Chinese buyer delegation visits Spain

A group of buyers from Shanghai and surrounding cities toured orchard and packing operations in Spain at the beginning of this month

Chinese buyer delegation visits Spain

Chinese buyers at Anecoop operations in Spain


Co-organised by the Spanish Institute for Foreign Trade (ICEX) and Shanghai Huizhan Wholesale Market, the fruit importer delegation visited key fruit growing, packing and exporting operations in Valencia, Murcia and Seville on 27 February to 8 March.

The delegation compromised major wholesalers not only from Shanghai, but also from fast-growing satellite cities in the Yangtze River Delta region, such as Jiaxing, Wuxi and Wuhan.

Spanish citrus shipments to China have taken off over the past four years, with the European exporting nation securing a solid share of the orange import market. As well as working to develop this trade, the delegation explored opportunities for other categories such as stonefruits, which gained access to China last year, Kurt Huang of Shanghai Huizhan Wholesale Market explained.

While Spanish citrus has had access to the Chinese market since 2005, shipments were negligible until China suspended imports of California citrus in April 2013 due to findings of brown rot.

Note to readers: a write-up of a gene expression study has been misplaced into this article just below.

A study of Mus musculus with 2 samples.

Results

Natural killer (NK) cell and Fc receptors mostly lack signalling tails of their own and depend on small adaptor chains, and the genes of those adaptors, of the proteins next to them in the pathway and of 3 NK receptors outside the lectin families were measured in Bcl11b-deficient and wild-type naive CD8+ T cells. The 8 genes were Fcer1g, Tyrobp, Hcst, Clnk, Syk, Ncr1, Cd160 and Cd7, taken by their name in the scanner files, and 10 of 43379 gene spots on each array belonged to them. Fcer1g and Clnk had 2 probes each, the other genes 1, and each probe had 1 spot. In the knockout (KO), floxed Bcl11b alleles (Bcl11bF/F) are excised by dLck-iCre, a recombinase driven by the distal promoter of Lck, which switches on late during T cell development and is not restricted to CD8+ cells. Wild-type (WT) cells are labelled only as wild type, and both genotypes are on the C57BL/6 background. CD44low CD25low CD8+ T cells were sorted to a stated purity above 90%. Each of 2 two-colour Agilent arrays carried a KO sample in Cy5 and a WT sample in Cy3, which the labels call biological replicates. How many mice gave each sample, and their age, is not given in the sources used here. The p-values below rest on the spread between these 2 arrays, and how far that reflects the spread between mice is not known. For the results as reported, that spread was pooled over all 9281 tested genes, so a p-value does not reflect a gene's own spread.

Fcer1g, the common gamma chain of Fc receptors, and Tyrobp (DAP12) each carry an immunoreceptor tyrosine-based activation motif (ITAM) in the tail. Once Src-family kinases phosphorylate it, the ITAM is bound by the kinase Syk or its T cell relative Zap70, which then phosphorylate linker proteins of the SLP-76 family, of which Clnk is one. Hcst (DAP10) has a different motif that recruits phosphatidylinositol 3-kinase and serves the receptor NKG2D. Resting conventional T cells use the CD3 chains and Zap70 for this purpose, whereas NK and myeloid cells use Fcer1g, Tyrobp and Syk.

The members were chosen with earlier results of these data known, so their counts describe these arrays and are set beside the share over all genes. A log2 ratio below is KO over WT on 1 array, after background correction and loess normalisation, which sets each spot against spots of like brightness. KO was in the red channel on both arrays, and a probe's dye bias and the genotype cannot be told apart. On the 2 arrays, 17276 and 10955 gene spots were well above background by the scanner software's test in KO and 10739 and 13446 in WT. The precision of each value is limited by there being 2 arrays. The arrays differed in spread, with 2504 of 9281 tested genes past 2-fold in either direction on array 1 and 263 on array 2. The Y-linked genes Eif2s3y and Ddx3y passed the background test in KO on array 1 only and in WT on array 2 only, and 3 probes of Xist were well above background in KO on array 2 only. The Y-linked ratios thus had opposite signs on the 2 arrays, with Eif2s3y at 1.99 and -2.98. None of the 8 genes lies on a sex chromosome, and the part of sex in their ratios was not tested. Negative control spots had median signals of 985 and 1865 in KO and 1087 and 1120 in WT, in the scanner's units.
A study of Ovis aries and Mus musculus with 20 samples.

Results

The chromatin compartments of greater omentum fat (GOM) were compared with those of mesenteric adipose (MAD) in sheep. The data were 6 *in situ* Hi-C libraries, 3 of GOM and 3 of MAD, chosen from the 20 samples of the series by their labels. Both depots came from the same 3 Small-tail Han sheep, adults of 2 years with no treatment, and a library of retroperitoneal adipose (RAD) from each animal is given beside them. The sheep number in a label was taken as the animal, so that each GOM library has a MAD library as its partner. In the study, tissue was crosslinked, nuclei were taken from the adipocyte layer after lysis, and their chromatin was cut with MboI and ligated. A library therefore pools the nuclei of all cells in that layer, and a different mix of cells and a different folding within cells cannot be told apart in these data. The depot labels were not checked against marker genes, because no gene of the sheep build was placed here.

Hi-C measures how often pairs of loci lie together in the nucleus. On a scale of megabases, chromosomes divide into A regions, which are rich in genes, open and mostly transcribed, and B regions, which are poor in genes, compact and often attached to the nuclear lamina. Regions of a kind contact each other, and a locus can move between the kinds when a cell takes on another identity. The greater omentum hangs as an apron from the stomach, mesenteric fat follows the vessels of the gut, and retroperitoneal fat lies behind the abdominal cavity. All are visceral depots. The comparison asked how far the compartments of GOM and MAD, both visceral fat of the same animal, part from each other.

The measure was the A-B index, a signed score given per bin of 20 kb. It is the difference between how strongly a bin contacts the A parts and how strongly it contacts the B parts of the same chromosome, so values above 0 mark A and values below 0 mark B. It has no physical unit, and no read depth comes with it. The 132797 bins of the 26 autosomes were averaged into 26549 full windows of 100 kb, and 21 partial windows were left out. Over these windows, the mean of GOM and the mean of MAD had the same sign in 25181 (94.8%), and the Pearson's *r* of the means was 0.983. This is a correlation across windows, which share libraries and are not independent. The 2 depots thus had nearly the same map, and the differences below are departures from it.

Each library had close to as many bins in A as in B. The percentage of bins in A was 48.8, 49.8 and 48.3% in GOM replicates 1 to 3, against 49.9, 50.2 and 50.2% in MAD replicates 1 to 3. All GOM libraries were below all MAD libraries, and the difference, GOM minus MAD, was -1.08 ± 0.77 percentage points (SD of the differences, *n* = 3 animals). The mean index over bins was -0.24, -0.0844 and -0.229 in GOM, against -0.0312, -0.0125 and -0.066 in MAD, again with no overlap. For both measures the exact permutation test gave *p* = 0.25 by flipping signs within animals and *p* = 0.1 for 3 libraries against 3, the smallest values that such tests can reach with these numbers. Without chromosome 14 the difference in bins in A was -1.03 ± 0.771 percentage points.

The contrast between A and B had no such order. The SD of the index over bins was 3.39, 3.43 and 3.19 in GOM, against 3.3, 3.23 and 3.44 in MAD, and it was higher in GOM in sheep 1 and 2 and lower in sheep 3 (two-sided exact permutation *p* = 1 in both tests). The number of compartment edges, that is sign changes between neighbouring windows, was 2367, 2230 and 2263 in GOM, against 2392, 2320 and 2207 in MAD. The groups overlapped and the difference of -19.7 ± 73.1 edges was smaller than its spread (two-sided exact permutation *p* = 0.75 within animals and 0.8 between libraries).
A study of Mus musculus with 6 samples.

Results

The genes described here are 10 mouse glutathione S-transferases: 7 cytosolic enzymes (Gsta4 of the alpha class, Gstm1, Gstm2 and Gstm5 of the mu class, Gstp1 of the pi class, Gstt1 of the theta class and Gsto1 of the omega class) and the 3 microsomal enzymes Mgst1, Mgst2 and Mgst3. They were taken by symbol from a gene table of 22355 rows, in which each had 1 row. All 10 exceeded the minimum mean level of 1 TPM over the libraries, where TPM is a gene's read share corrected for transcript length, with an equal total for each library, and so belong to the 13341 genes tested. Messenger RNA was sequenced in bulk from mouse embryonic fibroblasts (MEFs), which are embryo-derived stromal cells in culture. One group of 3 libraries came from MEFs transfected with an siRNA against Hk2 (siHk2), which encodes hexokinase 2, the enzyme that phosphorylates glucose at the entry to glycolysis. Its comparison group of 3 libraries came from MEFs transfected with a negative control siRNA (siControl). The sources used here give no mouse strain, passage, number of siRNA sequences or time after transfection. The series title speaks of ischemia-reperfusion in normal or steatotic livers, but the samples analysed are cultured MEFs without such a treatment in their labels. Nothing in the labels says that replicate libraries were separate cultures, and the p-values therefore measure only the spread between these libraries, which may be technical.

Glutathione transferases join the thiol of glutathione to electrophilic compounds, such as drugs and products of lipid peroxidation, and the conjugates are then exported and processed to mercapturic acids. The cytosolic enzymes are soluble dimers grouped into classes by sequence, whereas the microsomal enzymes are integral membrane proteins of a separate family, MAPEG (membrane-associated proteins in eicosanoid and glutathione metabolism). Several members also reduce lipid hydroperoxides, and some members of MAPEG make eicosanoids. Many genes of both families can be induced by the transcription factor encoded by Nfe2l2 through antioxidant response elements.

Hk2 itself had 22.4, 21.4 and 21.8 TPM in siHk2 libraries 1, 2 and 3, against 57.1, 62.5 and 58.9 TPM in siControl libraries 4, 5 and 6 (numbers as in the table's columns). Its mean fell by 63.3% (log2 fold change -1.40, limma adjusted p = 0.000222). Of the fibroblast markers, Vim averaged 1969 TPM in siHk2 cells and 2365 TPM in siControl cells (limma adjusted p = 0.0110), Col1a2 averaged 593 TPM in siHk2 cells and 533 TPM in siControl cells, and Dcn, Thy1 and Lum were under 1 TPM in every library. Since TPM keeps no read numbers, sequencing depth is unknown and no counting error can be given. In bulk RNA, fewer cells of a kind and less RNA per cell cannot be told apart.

Chinese importers were forced to find alternative sources of citrus and Spain seized the opportunity. “Spanish oranges performed well in the Chinese market,” said Huang. “So by the time California regained access, Spanish oranges had already had a firm market share”

While Chinese importers are familiar with the traditional supplying countries for imported fruits such as the US, Chile and Australia, Huang said that Spain was a new sourcing origin for China, with both suppliers and buyers having much to learn from one another.

Spanish peaches and plums secured access to China in 2016, while an import protocol for Spanish grapes is in the pipeline, and Huang said there is a good potential to develop trade. “Spain is already a leading supplier of fresh produce for Europe, but we expect it to become one of the key suppliers to the Chinese market in future providing improved choice for Chinese consumers.”